HELSINKI (Reuters) - Finnish telecom gear maker Nokia warned that demand for new mobile networks would slow this year in China and said it would not give a financial outlook until April following its acquisition of Alcatel-Lucent.
The 15.6 billion euro deal helps Nokia to compete with Sweden’s Ericsson and China’s Huawei previously the world’s top two suppliers of network gear, in a market where limited growth and tough competition are pressuring prices.
Nokia CEO Rajeev Suri said the company expected market growth this year in North America, India, the Middle East and Africa, while fast growing China will cool down.
“We do expect some market headwinds in 2016 as 4G/LTE rollouts in China and some other markets start to slow,” Suri said.
“The first quarter, in particular, looks quite challenging as customers assess their CAPEX (spending) plans in light of increasing macroeconomic uncertainty.”
Nokia shares were down 3.5 percent by 0920 GMT and have fallen about 30 percent since the announcement of Alcatel deal last April.
“They didn’t give any financial guidance for this year, and all they said about the outlook was that the (networks) market demand looks rather weak. This is a bit like walking in fog,” said Mikael Rautanen, analyst at Inderes Equity Research, who recommends investors reduce their holdings in the stock.
Nokia and Alcatel’s combined sales for 2015 year give the merged company a claim to be the world’s biggest mobile network supplier, but cost-cutting and eliminating overlap will likely relegate it to second place behind Ericsson.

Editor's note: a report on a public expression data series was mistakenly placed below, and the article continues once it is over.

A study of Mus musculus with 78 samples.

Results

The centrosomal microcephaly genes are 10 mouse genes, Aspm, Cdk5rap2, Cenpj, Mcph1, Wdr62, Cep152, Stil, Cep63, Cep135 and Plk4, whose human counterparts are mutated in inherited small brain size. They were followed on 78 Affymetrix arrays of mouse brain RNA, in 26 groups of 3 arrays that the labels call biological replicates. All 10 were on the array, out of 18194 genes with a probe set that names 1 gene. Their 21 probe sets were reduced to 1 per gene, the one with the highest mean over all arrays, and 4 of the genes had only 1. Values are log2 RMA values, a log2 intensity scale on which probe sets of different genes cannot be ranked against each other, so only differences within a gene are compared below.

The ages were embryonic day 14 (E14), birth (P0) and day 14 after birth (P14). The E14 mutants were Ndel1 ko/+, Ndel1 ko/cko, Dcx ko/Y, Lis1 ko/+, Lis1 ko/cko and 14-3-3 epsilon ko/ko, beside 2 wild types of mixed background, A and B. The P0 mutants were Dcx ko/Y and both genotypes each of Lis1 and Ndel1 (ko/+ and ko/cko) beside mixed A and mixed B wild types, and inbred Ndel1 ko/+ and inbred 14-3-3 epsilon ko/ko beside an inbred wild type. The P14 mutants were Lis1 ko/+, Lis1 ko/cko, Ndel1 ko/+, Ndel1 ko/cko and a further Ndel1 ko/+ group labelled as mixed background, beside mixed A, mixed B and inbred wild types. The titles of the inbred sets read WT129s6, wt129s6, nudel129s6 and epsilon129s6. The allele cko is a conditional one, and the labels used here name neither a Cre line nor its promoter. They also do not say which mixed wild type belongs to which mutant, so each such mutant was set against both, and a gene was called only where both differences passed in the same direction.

Nokia’s fourth-quarter group sales fell 3 percent in constant currency terms to 3.61 billion euros ($4.08 billion), below analysts’ average expectation of 3.72 billion euros.
But operating profit margin in the networks unit came in at 14.6 percent, up from 14.0 percent a year earlier and 13.8 percent in the poll.
Separately, Alcatel-Lucent reported fourth-quarter sales growth of 13 percent to 4.16 billion euros, with business performing particularly well in Asia and North America.
Some analysts noted that Nokia was on track to deliver the proposed 900 million euro cost synergies by end-2018, and that it pushed forward its 200 million euro financial synergy target to 2016 from previous 2017.
“We remain confident in management delivering on synergies and see potential upside to these figures over the course of the next years,” Bernstein analysts, with an ‘outperform’ rating on Nokia, said in a note to investors.
Nokia proposed an annual dividend of 0.16 euros per share and a special dividend of 0.10 euros per share, compared with analysts’ average expectation of 0.19 euros.
Additional reporting by Mathieu Rosemain in Paris; Editing by Keith Weir
Our Standards: The Thomson Reuters Trust Principles.